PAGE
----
So the sisters sent word to Jesus, “Lord, the one you love is sick.”

When he heard this, Jesus said, “This sickness will not end in death. No, it is for God’s glory so that God’s Son may be glorified through it.” Jesus loved Martha and her sister and Lazarus. yet when he heard that Lazarus was sick, he stayed where he was two more days.

Then he said to his disciples, “Let us go back to Judea.”

“But Rabbi,” they said, “a short time ago the Jews tried to stone you, and yet you are going back there?” (John 11:3-8)


When we urgently “send word” to Jesus in prayer, we look for a response that matches our urgency. A dying brother calls for immediate action; there is no other loving response that we can imagine. But our imagination seriously limits our expectations of the God who “is able to do immeasurably more than we can ask or imagine.” (Eph 3:20)

In this conversation with His disciples, Jesus reveals several truths we do well to take into account when we pray. The first is that in all things, God knows the end from the beginning, and so often that end will not be what we assume or anticipate. Jesus knew that He would raise Lazarus from the dead — not an outcome most people would contemplate.

The second truth is that God alone knows the purposes of everything that happens to us, whether good, bad or indifferent. The sisters could only see the life-threatening illness. They must have been hard-pressed to understand when Jesus didn’t respond immediately. But God matches His timing with His purposes. One of God’s purposes here was to demonstrate that He could go far beyond healing illness; He could destroy death itself. Jesus could have gone immediately to Lazarus and healed him, but that would have had far less impact for His kingdom. As it was, Lazarus had been dead four days, removing any argument that he had merely been resuscitated. His resurrection was a miracle no one who witnessed it could refute. And because many people had come to comfort the sisters after his death, there were plenty of witnesses. The timing was perfect.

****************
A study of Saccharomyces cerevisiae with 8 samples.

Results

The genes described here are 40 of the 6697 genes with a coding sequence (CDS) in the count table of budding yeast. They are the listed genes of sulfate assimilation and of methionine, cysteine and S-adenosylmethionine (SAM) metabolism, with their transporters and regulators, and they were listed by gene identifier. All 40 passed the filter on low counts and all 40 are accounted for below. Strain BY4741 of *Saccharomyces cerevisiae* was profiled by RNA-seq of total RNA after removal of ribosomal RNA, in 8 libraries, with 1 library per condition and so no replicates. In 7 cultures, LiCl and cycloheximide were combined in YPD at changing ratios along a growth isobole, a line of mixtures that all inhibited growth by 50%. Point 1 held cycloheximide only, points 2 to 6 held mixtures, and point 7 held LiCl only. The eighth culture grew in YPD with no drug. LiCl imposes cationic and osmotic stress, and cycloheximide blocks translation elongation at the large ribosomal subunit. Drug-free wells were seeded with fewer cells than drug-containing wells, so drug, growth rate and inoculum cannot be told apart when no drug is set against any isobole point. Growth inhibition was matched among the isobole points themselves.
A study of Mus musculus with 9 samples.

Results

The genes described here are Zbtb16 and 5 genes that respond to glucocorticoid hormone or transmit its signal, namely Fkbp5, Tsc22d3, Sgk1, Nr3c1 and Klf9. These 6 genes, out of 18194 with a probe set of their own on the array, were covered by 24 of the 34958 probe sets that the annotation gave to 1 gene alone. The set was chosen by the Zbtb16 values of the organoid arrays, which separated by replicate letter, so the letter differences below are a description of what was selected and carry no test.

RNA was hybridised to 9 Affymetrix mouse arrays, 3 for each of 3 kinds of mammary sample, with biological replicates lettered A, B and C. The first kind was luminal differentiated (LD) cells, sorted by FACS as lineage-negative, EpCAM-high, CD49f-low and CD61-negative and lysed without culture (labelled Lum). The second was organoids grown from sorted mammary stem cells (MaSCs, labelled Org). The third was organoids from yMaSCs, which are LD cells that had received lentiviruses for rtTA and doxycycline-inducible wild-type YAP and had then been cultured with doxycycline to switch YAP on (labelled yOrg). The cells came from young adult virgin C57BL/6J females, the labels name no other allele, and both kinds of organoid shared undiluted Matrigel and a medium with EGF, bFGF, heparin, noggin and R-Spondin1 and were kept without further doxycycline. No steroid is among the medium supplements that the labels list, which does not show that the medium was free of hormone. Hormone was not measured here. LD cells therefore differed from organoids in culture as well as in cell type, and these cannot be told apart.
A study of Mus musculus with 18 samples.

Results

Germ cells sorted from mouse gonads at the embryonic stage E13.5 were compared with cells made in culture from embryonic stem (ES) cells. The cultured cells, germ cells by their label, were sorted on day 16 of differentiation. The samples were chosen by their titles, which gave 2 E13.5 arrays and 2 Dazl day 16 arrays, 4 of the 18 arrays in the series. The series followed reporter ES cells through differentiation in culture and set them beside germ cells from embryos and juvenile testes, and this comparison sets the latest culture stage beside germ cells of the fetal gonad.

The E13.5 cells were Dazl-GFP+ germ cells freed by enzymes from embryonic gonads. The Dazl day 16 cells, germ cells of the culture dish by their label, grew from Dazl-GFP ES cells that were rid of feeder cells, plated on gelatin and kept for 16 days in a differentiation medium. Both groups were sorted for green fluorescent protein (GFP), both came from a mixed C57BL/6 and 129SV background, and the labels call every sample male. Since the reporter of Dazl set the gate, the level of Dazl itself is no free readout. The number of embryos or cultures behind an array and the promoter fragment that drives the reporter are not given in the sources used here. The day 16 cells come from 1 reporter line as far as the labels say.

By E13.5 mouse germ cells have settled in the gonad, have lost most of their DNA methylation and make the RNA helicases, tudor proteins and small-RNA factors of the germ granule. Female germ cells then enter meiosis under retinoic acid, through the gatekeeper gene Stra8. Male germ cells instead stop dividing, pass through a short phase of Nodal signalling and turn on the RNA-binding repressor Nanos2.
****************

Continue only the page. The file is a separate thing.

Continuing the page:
The third truth is that God’s move in response to our call may seem incomprehensible to others. The disciples couldn’t understand why Jesus would put himself in danger to go back to Judea. He could merely have spoken the word and healed Lazarus without going to Bethany, as he did with the Centurion’s servant, but that would not have fulfilled the greater purposes.

“So then he told them plainly, “Lazarus is dead, and for your sake I am glad I was not there, so that you may believe. But let us go to him.” (v. 14-15)

The fourth truth is that God is working on many levels in His answers to our prayers. His purpose was not just to raise Lazarus from the dead — surely the ultimate healing — but to empower others to believe in Jesus and to witness to their belief. The impact on Lazarus would be great, but the impact for the kingdom of God even greater:

“. . .many of the Jews who had come to visit Mary, and had seen what Jesus did, put their faith in Him. But some of them went to the Pharisees and told them what Jesus had done.  . . . So from that day on they plotted to take his life.” (v. 45-6; 53)

A clear move of God in answer to prayer will bring one of two responses. In some, it will build or solidify faith. In others, it will be seen as a threat. Those determined to run things themselves will try to destroy God’s work.

Both of these outcomes were in line with God’s purposes. The first is obvious. The second, the plotting of the religious establishment who were threatened by Jesus, was necessary to bring Him to the cross. His death and resurrection were essential if we were to be redeemed and given new life. God is able to turn dark motives to His purpose — to work all things together for good for those who love Him and are called to His purpose. (Rom 8:28)

Verse 35 is the shortest in the Bible, and one of the most profound: “Jesus wept.” This underlines the truth that God is far from indifferent to our suffering. Even though Jesus knew how this part of the story would end, He was deeply affected by the grief of Mary and Martha. He is with us in our suffering, as He is in our rejoicing. And in this, his response is timeless.